News Wrap: Alleged NYC Bomb Plotter Arrested, Arraigned
The new ruling party in Spain came under pressure today to spell out how it plans to rescue the country from economic ruin. The Conservative People’s Party celebrated Sunday after sweeping the Socialists out of power. Under their leadership, unemployment in Spain grew to the highest in the European Union, more than 20 percent. The incoming prime minister, Mariano Rajoy, is expected to push austerity measures, but he refused to discuss details today.
The U.S. imposed a new round of sanctions on Iran today. It’s a joint effort with Britain and Canada to pressure the regime into halting its suspected nuclear weapons program. The sanctions will target Iran’s companies, Revolutionary Guard force and petrochemicals industry.
Secretary of State Hillary Clinton made the announcement in Washington.
SECRETARY OF STATE HILLARY RODHAM CLINTON: The Treasury Department is formally identifying Iran as a jurisdiction of primary money laundering concern. This is the strongest official warning we can give that any transaction with Iran poses serious risks of deception or diversion.
HARI SREENIVASAN: Earlier this month, the U.N. nuclear agency reported Iran has conducted experiments to develop nuclear arms. The Iranians insist their nuclear program is for peaceful purposes.
Concentrations of greenhouse gases in the Earth’s atmosphere hit record levels in 2010. The U.N. weather agency reported the finding today, and it said the buildup of carbon dioxide, in particular, seems to be accelerating. Overall, there’s nearly 40 percent more carbon dioxide in the atmosphere now than at any time since the industrial era began in 1750.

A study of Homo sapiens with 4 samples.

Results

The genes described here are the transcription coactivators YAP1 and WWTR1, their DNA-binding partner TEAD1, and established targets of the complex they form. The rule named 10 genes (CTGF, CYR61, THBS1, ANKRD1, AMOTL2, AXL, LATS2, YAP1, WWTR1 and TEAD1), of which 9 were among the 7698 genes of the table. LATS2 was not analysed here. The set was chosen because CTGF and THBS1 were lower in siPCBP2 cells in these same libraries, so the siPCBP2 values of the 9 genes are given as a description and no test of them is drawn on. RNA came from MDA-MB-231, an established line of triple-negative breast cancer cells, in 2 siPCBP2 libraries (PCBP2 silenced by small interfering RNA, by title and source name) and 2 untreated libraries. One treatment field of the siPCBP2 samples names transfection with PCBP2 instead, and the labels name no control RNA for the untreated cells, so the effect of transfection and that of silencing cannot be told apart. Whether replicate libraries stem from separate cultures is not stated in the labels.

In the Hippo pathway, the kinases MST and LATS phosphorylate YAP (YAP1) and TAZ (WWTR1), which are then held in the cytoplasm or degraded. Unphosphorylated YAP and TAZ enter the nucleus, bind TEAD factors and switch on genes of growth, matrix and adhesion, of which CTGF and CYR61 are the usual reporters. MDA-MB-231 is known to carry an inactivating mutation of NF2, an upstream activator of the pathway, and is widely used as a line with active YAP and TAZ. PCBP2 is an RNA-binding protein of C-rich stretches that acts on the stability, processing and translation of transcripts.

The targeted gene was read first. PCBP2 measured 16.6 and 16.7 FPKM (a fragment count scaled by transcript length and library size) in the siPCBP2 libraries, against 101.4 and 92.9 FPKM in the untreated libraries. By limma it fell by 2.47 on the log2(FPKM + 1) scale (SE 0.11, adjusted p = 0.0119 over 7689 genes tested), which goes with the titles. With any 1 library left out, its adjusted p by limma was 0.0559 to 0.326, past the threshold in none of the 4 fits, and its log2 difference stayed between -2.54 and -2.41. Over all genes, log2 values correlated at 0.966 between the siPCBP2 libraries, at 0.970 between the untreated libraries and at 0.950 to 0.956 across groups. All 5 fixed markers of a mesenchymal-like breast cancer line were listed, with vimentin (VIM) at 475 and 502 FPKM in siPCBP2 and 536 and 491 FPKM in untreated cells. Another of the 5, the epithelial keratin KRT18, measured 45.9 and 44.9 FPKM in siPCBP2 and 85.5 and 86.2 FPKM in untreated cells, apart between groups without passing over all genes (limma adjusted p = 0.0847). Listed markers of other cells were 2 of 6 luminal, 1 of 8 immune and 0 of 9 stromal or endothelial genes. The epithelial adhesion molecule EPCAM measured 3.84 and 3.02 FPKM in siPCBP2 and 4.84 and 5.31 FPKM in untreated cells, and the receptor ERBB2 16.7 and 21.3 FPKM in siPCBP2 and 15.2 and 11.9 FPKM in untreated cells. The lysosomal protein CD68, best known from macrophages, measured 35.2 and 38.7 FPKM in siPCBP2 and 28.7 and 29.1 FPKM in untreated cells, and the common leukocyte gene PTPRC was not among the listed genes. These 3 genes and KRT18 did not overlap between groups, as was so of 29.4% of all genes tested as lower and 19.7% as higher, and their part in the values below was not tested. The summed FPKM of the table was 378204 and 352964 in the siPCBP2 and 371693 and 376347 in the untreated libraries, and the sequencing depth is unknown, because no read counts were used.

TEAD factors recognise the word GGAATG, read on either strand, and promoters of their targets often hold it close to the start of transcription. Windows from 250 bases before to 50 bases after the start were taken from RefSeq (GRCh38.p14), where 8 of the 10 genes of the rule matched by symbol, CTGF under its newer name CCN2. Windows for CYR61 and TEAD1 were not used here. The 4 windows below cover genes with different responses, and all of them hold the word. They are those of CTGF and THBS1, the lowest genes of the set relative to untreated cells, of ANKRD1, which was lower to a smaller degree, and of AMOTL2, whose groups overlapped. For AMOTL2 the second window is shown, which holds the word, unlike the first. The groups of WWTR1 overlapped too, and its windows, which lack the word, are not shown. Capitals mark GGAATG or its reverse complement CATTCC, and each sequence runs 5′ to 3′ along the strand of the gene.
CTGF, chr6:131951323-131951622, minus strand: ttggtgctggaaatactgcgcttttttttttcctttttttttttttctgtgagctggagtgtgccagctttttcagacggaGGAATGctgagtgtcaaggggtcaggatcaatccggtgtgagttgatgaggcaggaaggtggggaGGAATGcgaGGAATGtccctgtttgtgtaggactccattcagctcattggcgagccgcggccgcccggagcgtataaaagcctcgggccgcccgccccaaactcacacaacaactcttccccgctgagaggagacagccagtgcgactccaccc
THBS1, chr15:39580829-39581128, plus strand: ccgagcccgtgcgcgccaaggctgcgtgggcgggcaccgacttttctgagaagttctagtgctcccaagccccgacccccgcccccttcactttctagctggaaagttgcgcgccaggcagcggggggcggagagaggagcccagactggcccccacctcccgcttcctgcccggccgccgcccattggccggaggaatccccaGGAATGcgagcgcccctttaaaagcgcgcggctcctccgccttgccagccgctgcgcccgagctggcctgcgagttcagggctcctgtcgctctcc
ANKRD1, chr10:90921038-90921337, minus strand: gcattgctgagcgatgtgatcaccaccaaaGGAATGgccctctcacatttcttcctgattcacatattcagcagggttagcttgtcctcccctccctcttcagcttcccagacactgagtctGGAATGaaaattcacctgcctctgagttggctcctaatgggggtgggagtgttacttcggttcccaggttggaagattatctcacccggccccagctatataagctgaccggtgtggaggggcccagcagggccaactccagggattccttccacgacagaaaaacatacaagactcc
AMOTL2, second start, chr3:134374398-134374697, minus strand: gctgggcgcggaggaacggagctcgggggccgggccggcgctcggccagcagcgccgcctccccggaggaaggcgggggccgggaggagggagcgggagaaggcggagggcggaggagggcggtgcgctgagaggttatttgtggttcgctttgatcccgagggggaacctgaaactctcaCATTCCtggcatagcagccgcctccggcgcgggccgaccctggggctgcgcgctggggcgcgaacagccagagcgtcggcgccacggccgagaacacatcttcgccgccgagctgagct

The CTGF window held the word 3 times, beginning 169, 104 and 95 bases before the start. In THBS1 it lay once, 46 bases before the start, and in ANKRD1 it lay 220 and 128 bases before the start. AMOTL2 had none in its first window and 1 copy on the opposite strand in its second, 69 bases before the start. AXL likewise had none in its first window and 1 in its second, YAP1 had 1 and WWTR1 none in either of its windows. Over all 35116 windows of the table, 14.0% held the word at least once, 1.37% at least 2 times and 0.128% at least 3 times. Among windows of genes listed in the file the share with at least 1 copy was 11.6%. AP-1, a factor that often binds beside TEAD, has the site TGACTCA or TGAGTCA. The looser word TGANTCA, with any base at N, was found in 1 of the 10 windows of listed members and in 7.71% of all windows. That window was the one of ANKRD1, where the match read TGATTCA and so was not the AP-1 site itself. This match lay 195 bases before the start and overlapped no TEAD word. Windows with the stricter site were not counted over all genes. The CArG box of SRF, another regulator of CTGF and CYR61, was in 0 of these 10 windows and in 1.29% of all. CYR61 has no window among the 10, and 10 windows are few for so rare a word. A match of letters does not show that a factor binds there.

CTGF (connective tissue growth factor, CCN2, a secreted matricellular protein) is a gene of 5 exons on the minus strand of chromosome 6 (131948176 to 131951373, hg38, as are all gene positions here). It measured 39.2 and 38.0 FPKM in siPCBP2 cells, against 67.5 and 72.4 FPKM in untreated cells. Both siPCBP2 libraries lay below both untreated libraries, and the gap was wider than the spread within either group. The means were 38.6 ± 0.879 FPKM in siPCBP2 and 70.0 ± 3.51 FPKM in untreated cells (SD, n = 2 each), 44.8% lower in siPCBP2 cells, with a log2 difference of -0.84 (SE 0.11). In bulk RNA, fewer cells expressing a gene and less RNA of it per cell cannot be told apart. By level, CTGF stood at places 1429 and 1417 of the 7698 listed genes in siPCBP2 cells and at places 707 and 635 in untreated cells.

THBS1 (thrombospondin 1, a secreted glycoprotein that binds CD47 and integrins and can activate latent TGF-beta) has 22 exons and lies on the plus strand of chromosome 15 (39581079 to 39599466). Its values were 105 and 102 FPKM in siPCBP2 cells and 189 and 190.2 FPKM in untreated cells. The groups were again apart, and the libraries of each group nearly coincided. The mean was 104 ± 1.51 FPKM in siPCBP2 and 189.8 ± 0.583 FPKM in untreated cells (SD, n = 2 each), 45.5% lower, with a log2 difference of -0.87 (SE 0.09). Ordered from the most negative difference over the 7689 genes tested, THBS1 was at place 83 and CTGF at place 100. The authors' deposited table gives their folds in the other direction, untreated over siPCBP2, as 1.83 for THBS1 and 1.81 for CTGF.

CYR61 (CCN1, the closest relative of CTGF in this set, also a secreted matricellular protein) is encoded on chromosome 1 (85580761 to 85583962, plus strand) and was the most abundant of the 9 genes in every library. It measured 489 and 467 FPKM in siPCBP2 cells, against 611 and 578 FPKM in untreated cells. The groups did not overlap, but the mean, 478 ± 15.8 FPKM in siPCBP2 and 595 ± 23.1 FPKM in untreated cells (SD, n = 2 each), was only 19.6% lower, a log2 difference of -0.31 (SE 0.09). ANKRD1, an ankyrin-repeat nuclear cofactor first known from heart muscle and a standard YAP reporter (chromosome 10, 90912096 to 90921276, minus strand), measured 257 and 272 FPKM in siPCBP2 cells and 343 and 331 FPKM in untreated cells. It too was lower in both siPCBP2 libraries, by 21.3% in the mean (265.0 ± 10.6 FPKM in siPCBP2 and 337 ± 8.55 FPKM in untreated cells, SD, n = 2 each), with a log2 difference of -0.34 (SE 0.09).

A separate U.N. report today found the world AIDS epidemic is leveling off. It said the number of new HIV infections has stabilized at around 2.7 million a year. That is unchanged since 2007.
In Berlin today, the director of the U.N.’s AIDS agency pointed to improved access to drugs.
MICHEL SIDIBE, UNAIDS: This year is a game-changing year. It’s the first time that the science was telling us that if we put people on treatment early, we can reduce new infection by 96 percent. So, we are dropping this forced dichotomy between prevention and treatment.
HARI SREENIVASAN: New infections have actually dropped in Southern Africa, but the virus is spreading rapidly in Eastern Europe and Central Asia. In all, the U.N. reported some 34 million people worldwide were living with HIV last year.
Former FBI Director Louis Freeh has been tapped to lead Penn State’s internal investigation of a child sex abuse scandal. He pledged today to conduct a thorough and independent inquiry going back as far as 1975. Former assistant football coach Jerry Sandusky is charged with molesting eight boys over a 15-year period. He’s maintained his innocence.
Those are some of the day’s major stories.